The topic of managing change in organizations has always been of critical interest to all leaders and consultants. I think this has only been amplified due to the accelerated rate of change.
There are many models of change. My favorite is the William Bridges Model of Change and Transition. It is simple to understand and a very practical way of talking to people about change.
In this model, Bridges makes a large distinction between the issue of change – which he calls events – and transition. Transition is the psychological adjustment that people go through in accommodating to the change event.
Click here to see my talk on the William Bridges model of Change and Transition. In its simplest form, transition can be described as involving three phases. The first phase is the Ending Zone. In this zone people need to both grieve what has been lost and to identify and celebrate the learning around what can get carried forward.
It is critical to understand that a very large percentage of the population going through a change, if they have not been directly involved in developing the new change event, will naturally and normally be in the Ending Zone. They are not resisters or difficult people. The Ending Zone is the most important area to pay attention to and is often overlooked. Too often a leader or leadership team just wants people to be “adults” and move on.
Paying attention to the Ending Zone involves allowing people to talk about their feelings as a group, honoring and valuing the parts of the system that are being left because of the new change initiative and consciously identifying the learning that should carry forward in the organization. This may involve repeated meetings and conversations until at least 50% of the group affected indicates they are ready to move on. The other 50% should still be given time in one-on-one sessions to continue to grieve and make meaning of the transition. According to the model, a small percentage of the population may never adjust and they should be assisted with finding other opportunities either within or outside the organization.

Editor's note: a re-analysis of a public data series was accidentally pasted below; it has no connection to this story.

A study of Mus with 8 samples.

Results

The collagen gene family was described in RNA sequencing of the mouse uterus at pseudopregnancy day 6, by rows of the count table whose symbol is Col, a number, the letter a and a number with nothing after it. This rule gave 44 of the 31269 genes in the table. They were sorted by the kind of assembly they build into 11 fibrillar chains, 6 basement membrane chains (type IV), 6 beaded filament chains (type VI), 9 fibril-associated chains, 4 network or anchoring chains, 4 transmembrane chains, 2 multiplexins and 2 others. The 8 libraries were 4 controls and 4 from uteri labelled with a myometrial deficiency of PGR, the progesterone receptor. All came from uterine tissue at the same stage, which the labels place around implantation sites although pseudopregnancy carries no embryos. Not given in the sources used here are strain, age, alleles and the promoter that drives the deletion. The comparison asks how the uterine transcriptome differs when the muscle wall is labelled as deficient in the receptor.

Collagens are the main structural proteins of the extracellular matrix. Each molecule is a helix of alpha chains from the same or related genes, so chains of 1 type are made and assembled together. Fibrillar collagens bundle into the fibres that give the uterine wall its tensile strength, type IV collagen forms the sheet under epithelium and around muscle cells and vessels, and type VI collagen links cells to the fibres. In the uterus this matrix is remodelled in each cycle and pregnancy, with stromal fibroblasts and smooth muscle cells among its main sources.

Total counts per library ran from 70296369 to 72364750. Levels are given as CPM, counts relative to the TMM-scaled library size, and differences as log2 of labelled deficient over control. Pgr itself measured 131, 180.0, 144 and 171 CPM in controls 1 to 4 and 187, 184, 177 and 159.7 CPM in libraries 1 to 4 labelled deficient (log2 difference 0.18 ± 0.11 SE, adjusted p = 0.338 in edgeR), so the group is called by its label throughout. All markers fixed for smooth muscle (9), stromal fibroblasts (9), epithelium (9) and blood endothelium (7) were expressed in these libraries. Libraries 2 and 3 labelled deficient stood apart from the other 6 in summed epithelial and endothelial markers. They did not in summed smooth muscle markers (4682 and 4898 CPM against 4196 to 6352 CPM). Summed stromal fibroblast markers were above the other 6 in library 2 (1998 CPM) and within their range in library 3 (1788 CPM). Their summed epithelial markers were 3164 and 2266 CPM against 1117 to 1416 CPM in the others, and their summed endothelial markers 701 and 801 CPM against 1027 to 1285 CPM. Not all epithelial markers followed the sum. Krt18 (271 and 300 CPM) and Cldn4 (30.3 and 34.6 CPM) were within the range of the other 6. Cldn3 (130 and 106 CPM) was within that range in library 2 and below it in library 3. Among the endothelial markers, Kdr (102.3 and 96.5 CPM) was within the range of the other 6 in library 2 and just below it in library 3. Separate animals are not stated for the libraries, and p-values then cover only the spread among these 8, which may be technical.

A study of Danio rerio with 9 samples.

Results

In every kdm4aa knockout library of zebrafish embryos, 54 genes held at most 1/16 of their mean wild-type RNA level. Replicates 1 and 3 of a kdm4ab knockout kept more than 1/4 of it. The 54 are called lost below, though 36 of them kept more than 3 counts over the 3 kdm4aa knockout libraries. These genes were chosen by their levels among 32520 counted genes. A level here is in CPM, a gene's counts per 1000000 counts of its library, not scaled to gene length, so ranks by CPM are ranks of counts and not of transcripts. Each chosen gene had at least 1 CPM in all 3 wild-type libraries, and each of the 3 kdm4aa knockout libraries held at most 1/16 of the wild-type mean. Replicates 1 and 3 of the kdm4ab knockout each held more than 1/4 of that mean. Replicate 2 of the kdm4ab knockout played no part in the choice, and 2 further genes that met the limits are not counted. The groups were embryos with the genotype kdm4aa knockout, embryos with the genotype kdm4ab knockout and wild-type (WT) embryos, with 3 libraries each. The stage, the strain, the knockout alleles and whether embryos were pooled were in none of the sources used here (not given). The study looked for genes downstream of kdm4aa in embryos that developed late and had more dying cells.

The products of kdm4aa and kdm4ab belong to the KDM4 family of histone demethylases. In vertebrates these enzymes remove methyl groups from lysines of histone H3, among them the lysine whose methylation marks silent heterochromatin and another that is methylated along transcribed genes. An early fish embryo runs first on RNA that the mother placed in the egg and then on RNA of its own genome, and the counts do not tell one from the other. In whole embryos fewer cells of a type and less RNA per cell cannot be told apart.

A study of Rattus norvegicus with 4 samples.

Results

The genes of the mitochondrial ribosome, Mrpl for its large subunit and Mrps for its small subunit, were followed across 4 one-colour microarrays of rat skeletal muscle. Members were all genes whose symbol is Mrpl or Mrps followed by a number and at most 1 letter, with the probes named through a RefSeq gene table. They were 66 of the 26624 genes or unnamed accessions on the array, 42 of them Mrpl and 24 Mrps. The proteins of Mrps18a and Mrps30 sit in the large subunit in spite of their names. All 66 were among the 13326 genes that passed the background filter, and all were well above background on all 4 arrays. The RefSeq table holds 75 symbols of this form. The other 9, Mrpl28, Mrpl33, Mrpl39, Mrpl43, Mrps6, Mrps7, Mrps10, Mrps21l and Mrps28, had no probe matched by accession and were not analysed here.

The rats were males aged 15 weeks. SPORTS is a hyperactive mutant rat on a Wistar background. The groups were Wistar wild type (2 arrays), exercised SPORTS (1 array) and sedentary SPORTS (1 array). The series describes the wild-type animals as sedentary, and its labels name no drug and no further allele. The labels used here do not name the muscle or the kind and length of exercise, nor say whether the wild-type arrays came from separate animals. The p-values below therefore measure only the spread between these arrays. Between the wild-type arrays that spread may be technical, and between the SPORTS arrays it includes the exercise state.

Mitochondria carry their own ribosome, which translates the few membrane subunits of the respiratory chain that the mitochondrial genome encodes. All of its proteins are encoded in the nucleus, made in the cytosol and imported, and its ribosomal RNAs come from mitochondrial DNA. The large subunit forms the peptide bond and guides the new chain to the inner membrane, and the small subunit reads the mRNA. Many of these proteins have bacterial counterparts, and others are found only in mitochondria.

If this phase of transition is not supported by leadership, feelings of resentment, misunderstandings and violation may persist and spread in the organization.To hear two stories on some of the pitfalls of the Ending Zone, click here.
In the second phase, called the Neutral Zone, people are ready to approach the new change event but they often feel incompetent or incapable of successfully implementing the new changes. People in this phase often complain about not having enough information, and so the key strategies are to provide abundant information, specific training and tailored support.
In this phase of transition people are often thrown into disequilibrium – a loss of stability and surety about what they are doing.
The third phase is called the New Beginning. In this phase the vast majority of people are comfortable in operating in the new change event. In some ways it is like a new status quo. For systems that are not used to change, this might not be a desired result. People can quickly become comfortable once they feel confident and see positive results and throw up resistance to any further change or refinements.
If I were to redesign this model, I would rename the Neutral Zone to Opportunity Zone and New Beginnings to New Status Quo. You might say, “What‘s in a name?” I think language is essential.
In my experience, the companies that are most successful in rapid change and adaptation are the ones that have redesigned the Neutral Zone to the Opportunity Zone. It is not a zone or phase to just “get through”, but one in which you want to stay in.
GE – General Electric – is probably a prime example of this point. They have designed a culture that thrives on constant change and innovation. They “wrote the book” on the balance between “above and below the green line.” This balance allows a company or organization to have great stability (principles, values, identity, processes, communication and transparency) in an environment of ever changing strategies, product development and adaptation. In other words, they have learned how to thrive in the Opportunity Zone and that allows for very rapid adaptation. This type of culture, supported by their priorities of leadership, communication and deep ongoing reflection, allows them to stay in the Opportunity Zone.
“Life is pleasant. Death is peaceful. It's the transition that's troublesome.”